Why Employee Engagement Efforts Aren’t More Effective
Mastering “The Paradox of Being Human”

“The Paradox of Being Human” and Its Implications in Organisations

“The Paradox of Being Human” is how Simon Sinek refers to life’s constant conflict between selfishness and selflessness: between “me” and “we.” We spend our lives vacillating between the two perspectives; zigging towards our own wants and zagging towards pleasing others. Yet our survival depends on our ability to juggle these opposite, apparently mutually-exclusive, demands. And always has.

So much so that, as I wrote last week, humans are biologically programmed for it. The table below illustrates the paradox and provides a succinct summary of this biological balancing.

Biological Underpinnings of the Human Paradox

Yet, the fact it is biological is significant from a management and an HR perspective. It demands a fresh approach to organisational design and development because it indicates:

  • Physical and psychological factors are inextricably linked. This necessitates a more holistic approach to addressing employee well-being.
  • Getting a balance is a continuous ongoing exercise and therefore ‘equilibrium’ is at best transient.
  • As a result, and because the over-production of any of the chemicals is unhealthy – for both the individual and the organisation – you need to be alert to, and prevent or monitor, situations that could cause it.

Being a paradox can imply that there is unlikely to be any universal panacea. This is not good news, for most of us work in or for organisations. Thus, by definition, work invokes a situation where we need to balance our own interests with those of the organisation. Consequently it places us in a position where such conflict is practically permanent. The term "work-life balance" epitomizes this. The fault-line is, ultimately, the dichotomy between individual and organisation. As long as there is a difference in their respective aspirations, goals or objectives, the paradox applies and appears to have no viable solution.

But what if you were to eliminate the difference between individual and organisational goals?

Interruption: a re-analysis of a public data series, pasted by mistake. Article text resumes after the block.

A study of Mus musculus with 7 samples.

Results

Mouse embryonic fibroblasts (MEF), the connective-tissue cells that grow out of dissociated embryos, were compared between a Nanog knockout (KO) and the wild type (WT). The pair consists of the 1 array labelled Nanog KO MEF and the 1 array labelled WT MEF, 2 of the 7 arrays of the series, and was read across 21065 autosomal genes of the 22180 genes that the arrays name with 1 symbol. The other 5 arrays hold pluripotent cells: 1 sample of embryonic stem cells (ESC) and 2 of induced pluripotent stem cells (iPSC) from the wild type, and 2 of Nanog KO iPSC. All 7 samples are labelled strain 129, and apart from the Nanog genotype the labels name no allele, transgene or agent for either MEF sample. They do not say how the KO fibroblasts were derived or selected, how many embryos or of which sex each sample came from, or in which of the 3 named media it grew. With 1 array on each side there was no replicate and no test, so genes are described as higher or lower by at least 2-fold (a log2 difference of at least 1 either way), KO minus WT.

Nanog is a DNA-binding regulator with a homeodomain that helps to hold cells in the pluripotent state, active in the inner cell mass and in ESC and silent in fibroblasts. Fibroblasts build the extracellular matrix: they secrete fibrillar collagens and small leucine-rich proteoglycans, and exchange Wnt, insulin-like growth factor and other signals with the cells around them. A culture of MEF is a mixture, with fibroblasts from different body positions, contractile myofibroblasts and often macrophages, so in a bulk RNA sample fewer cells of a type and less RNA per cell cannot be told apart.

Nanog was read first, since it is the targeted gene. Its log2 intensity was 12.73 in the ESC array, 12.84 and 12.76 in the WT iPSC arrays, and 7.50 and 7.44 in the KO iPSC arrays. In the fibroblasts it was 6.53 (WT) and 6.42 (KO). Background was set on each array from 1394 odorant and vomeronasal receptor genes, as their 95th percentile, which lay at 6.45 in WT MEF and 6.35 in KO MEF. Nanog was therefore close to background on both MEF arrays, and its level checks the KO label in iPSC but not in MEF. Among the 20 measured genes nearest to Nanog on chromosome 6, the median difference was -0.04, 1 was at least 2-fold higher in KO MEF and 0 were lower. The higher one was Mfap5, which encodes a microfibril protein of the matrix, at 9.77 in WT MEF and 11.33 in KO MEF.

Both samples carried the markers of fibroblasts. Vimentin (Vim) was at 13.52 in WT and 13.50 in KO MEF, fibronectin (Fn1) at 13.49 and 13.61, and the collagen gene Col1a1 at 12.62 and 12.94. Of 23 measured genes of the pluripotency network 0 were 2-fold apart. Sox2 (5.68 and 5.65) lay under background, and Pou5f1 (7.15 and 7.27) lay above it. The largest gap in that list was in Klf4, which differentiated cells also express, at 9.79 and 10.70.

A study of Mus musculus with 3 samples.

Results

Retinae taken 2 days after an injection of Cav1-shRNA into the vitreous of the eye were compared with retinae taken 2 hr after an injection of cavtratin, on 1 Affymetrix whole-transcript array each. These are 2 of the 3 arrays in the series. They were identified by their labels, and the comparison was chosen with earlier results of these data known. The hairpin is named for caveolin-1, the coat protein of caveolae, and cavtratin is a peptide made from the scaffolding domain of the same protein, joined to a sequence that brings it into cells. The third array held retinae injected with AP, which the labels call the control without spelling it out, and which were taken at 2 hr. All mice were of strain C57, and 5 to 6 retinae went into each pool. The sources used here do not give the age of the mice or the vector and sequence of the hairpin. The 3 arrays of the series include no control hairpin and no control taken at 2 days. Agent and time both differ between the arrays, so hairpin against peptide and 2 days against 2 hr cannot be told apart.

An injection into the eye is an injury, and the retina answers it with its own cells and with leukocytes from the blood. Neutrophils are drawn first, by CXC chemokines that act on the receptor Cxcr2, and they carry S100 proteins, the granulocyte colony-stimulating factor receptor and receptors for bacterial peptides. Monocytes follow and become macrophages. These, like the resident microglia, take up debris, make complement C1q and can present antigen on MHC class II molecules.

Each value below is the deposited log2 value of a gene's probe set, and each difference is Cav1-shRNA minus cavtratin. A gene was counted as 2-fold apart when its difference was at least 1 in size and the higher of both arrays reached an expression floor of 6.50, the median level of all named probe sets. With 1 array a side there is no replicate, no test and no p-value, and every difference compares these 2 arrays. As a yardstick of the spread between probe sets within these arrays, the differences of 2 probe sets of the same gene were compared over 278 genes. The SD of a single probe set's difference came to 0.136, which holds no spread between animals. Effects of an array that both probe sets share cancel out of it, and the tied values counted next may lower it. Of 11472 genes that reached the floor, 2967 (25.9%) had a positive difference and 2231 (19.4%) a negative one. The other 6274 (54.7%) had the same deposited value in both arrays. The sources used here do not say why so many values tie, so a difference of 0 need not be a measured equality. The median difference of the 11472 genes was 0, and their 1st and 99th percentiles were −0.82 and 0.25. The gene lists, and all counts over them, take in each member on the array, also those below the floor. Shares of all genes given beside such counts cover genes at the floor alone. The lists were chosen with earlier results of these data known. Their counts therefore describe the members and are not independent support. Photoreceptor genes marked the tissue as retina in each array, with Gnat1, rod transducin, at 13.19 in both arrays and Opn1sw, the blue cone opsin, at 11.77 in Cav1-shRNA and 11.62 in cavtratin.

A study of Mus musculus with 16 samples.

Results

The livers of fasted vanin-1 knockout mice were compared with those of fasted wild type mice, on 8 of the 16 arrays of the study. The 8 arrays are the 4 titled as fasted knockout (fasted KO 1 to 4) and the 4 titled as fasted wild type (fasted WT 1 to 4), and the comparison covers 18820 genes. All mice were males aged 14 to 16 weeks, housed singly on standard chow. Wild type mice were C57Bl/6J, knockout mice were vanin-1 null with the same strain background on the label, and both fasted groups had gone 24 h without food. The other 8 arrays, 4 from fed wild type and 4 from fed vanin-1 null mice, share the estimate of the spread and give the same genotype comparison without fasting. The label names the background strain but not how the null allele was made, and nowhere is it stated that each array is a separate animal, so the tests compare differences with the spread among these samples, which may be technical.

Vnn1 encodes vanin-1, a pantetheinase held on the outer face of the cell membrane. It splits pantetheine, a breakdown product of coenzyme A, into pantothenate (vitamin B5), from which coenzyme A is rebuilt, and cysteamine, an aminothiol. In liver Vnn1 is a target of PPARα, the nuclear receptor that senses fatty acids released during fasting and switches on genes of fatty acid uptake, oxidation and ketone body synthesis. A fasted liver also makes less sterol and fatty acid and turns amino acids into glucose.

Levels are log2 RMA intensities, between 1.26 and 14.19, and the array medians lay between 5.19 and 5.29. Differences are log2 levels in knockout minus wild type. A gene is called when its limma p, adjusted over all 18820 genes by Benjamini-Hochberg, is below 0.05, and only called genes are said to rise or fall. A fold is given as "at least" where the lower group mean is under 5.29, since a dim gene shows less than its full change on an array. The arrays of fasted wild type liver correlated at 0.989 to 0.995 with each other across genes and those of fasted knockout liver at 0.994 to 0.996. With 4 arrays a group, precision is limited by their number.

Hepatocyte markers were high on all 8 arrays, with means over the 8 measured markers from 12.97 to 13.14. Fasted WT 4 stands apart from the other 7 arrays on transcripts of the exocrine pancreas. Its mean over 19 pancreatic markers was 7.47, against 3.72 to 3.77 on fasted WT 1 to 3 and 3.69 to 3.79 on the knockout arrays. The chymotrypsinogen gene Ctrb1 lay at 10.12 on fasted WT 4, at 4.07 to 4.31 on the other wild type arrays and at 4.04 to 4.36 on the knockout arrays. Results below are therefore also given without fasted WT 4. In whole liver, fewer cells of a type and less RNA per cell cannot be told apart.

Clearly this would seal the fault-line and lay the foundation for a more effective organisation through greater synergy, greater collaboration and greater satisfaction. Naturally, because the biological factors are situation responsive, you will still always be susceptible to the cracks reappearing, but efficient processes, procedures and systems ought to provide the ‘seismological’ warnings to prevent that happening.

So how do you achieve this?

The answer is surprisingly simple: employee ownership.

There is no better way to align individual and organisation than to give employees a “stake in the game.”  And the ‘Every Individual Matters’ Model offers you the capability to create universal employee ownership, with every employee having a stake in the business and in its performance, at no cost to either employer or employee.


If you like what you have read contact me today for a free 30 minute conversation about how my ‘Every Individual Matters’ Model can provide the catalyst to help you create an organisational culture of ‘Love at Work’ : one where everyone cares and the business becomes our business, so embracing change and transforming – and sustaining – organisational performance.


Bay Jordan

Bay is the founder and director of Zealise, and the creator of the ‘Every Individual Matters’ organisational culture model that helps transform organisational performance and bottom-line results. Bay is also the author of several books, including “Lean Organisations Need FAT People” and “The 7 Deadly Toxins of Employee Engagement” and, more recently, The Democracy Delusion: How to Restore True Democracy and Stop Being Duped.